It isn't often that you see this, but the City of San Diego is paying $1.8 million dollars to the family of a motorcyclist who was killed when a driver made a left hand turn in front of him.
Of course, in this kind of a situation, an attorney looks for a deep pocket that may
be a viable defendant. Here, it turned out that the intersection near Little Italy in San Diego had been causing accidents for 12 years.
The family of motorcyclist Kenneth Charles Sully, 58, sued the city after he was hit and killed by a Toyota Corolla in April 2009 at the intersection where the Pacific Highway and Cedar Street meet. City records show a dozen other accidents at that location had occurred from 2006 to 2009, including two after Sully was killed.
The Ducati Sully was riding was cut off by a Toyota Corolla driven by a 17 year old female. However, the intersection not only needed a turn signal, but the setup of it was misleading as well. When the Ducati hit the car, the driver suffered brain injuries that killed him later.
The City Council unanimously approved the settlement as civic watchdogs questioned why the city was paying anything at all in an accident that involved two private parties. The city doesn't acknowledge any wrongdoing under this deal.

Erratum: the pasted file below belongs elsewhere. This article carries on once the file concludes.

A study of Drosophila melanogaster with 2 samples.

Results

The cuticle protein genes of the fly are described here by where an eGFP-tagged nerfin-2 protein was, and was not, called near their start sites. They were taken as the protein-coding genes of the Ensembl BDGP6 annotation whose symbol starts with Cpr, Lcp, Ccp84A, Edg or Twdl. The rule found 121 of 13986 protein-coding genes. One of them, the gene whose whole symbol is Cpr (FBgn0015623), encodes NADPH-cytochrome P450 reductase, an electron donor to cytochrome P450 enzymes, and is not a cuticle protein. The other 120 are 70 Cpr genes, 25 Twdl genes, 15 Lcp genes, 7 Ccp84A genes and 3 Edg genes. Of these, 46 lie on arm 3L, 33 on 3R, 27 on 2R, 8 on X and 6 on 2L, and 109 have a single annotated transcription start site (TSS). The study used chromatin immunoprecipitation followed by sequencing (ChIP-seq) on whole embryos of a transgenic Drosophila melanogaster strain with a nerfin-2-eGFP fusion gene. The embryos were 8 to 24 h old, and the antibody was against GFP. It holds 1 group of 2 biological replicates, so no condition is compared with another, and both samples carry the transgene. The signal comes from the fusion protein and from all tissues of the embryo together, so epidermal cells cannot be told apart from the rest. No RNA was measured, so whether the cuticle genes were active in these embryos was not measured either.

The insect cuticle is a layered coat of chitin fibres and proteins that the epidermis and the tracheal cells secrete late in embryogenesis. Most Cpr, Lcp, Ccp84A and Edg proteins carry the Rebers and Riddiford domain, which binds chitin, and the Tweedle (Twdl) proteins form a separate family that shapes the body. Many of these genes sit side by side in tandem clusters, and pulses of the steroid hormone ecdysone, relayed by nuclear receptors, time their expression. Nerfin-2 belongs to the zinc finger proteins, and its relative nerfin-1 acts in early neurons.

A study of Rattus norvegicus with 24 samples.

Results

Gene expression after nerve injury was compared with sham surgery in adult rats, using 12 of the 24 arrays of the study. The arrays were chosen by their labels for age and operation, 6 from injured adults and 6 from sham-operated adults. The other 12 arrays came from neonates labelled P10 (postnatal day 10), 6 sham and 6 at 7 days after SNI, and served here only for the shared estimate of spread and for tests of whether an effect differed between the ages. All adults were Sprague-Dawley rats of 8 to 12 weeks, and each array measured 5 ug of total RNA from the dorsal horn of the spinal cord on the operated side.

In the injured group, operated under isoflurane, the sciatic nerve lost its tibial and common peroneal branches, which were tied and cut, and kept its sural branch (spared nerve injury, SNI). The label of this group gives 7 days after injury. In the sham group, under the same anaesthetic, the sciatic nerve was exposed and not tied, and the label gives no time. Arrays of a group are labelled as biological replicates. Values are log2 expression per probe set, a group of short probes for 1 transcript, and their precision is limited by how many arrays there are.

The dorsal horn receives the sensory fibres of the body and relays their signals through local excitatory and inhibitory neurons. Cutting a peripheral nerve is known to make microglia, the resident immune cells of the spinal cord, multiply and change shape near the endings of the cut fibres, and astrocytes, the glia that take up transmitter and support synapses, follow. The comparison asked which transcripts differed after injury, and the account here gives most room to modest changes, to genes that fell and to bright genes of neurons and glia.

City Attorney Jan Goldsmith explained that the city had been slow to address the complaints about the intersection's dangers after a left-turn lane was created on southbound Pacific Highway back in 1997. The city didn't make a left-turn yield sign or a turn signal at all, which left the impression that drivers could turn left -- into oncoming traffic -- once the signal turned green.
Many attempts to fix the problem failed through the years because of budget problems and employee incompetence, Goldsmith said.
"In this case, I am appalled and I have communicated that," he said. "We have to understand that public safety is not just police and fire, but the engineers and our streets and transportation division that protect us every day by making our flow of traffic safe. They are extremely important budget-wise and safety-wise and they cannot skimp. They must do better."
Goldsmith added, "A word to the wise of those working in this city who are responsible for the safety of our people there is a zero tolerance in this city for this kind of ignoring of public safety and well being."